Despite warnings that the first-step nuclear deal with Iran is a “historic mistake,” it is safe to say that the sky is not falling. In fact, at the halfway mark of the implementation of the Joint Plan of Action, it is clear that Iran is upholding its commitments — and is actually ahead of schedule in eliminating its stockpile of 20 percent enriched uranium.

Progress toward a final deal also continues. On May 13 in Vienna, political directors from Iran and the members of the United Nations Security Council will meet for a possible seven- to 10-day marathon session where they will begin drafting the text of a final agreement. And despite the relative quiet surrounding the talks, it appears that the sides are finding common ground on some of the most difficult issues.

For example, recent reports indicate that Iran has proposed altering the design of the Arak heavy water reactor to greatly reduce its potential plutonium output, a major potential concession. Former Gen. David Petraeus now even puts the odds of striking a deal above 50 percent, potentially within three months from now.

With all of this positive momentum toward a final deal, the skeptics’ continued warnings and calls for ever-increasing pressure look increasingly out of place. As a result, it is worth reevaluating the cynicism surrounding the negotiations and putting forward new conclusions based upon the diplomatic track record.

Iran Responds to Flexibility, Not Pressure

The threat of increasing sanctions, backed by a threat of military action, has been a constant over the past decade. Therefore, assuming that Iran finally gave in to the pressure is a somewhat dubious assertion. However, the diplomatic equation has changed recently in several significant ways, including a political opening in Iran following the election of President Hassan Rouhani, a pause on new unilateral U.S. sanctions that provided space for negotiations and newfound negotiating flexibility from the Obama administration.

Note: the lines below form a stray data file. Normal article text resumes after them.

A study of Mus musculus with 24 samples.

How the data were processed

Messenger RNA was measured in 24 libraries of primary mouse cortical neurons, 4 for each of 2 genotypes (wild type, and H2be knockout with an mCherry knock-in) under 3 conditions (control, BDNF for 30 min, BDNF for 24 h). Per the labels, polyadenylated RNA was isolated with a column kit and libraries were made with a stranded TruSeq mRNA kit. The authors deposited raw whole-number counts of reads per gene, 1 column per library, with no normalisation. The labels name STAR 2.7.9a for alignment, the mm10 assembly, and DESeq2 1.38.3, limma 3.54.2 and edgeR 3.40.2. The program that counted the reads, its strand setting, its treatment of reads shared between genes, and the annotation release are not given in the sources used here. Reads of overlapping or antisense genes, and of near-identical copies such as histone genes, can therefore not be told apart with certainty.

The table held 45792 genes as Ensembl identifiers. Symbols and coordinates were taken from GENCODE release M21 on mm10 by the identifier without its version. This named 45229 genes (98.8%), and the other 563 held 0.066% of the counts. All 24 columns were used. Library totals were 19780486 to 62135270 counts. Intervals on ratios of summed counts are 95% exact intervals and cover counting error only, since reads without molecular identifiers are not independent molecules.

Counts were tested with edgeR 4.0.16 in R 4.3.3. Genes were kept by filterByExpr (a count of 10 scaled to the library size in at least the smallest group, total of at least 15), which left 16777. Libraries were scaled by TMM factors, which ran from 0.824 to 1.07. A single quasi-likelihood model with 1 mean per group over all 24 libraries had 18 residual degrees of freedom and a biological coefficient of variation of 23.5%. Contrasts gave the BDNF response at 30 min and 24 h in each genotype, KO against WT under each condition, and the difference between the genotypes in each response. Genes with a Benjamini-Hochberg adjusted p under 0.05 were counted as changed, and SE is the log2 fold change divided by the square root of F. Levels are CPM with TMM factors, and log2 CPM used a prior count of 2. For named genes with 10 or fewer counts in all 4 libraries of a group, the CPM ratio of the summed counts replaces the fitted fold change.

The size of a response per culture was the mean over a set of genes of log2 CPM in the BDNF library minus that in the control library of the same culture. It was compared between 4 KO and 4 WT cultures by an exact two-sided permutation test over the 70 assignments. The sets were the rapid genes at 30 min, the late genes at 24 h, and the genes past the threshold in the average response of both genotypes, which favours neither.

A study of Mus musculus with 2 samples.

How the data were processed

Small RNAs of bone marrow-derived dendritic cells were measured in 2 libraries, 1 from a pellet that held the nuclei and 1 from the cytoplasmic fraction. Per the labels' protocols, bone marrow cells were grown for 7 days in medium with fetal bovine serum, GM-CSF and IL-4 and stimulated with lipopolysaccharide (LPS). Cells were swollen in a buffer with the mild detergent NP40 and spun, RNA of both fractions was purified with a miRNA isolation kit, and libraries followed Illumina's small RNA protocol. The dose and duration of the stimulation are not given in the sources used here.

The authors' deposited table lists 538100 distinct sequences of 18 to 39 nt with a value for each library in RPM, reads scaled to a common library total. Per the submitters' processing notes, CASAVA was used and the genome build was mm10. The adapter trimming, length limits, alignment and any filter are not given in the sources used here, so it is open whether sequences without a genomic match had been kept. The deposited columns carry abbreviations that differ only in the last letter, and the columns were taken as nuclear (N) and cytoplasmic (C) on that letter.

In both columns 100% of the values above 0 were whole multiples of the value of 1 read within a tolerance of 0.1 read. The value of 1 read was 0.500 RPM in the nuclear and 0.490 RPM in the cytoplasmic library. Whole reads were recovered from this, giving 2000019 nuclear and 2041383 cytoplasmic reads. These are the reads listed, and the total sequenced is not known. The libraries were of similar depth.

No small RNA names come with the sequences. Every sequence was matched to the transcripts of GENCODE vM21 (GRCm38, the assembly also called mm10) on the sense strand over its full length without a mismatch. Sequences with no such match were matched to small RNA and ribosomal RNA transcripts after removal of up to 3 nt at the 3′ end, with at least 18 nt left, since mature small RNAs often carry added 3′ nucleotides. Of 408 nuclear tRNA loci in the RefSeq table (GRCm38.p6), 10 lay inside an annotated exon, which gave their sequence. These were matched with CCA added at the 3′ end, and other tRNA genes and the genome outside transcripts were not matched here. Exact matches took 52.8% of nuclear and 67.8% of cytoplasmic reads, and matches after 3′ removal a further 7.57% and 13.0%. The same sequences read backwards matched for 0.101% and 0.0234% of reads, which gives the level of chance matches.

This latter point deserves additional consideration. The Obama administration made two key concessions in the JPOA that were far more significant than the limited, reversible and largely symbolic sanctions relief that has been provided.

First, the Obama administration abandoned the unrealistic and unattainable “zero enrichment” demand by agreeing that Iran would be able to maintain a “mutually defined enrichment program,” upon the conclusion of the diplomatic process.

Second, it agreed that a final nuclear deal would result in the lifting of all UN, multilateral and national “nuclear-related sanctions.” With a concrete view of an acceptable end game, Iran was able to agree to significant concessions in the JPOA — such as eliminating its 20 percent enrichment. This newfound flexibility was likely far more responsible for diplomatic progress than finding the appropriate level of economic punishment. As a result, calls for additional pressure should be ignored.

The U.S. Could Be Less Likely to Uphold a Final Deal Than Iran

The International Atomic Energy Agency has confirmed in monthly reports and recent statements that Iran is implementing the terms it agreed upon in the JPOA — all despite the failure of Iran hawks to pass new sanctions.

This has left opponents of diplomacy grasping for straws. A rumored oil-for-goods deal between Russia and Iran would not be an Iranian violation of the nuclear deal, as some have claimed, because Iran is under no obligation to self-enforce unilateral U.S. sanctions.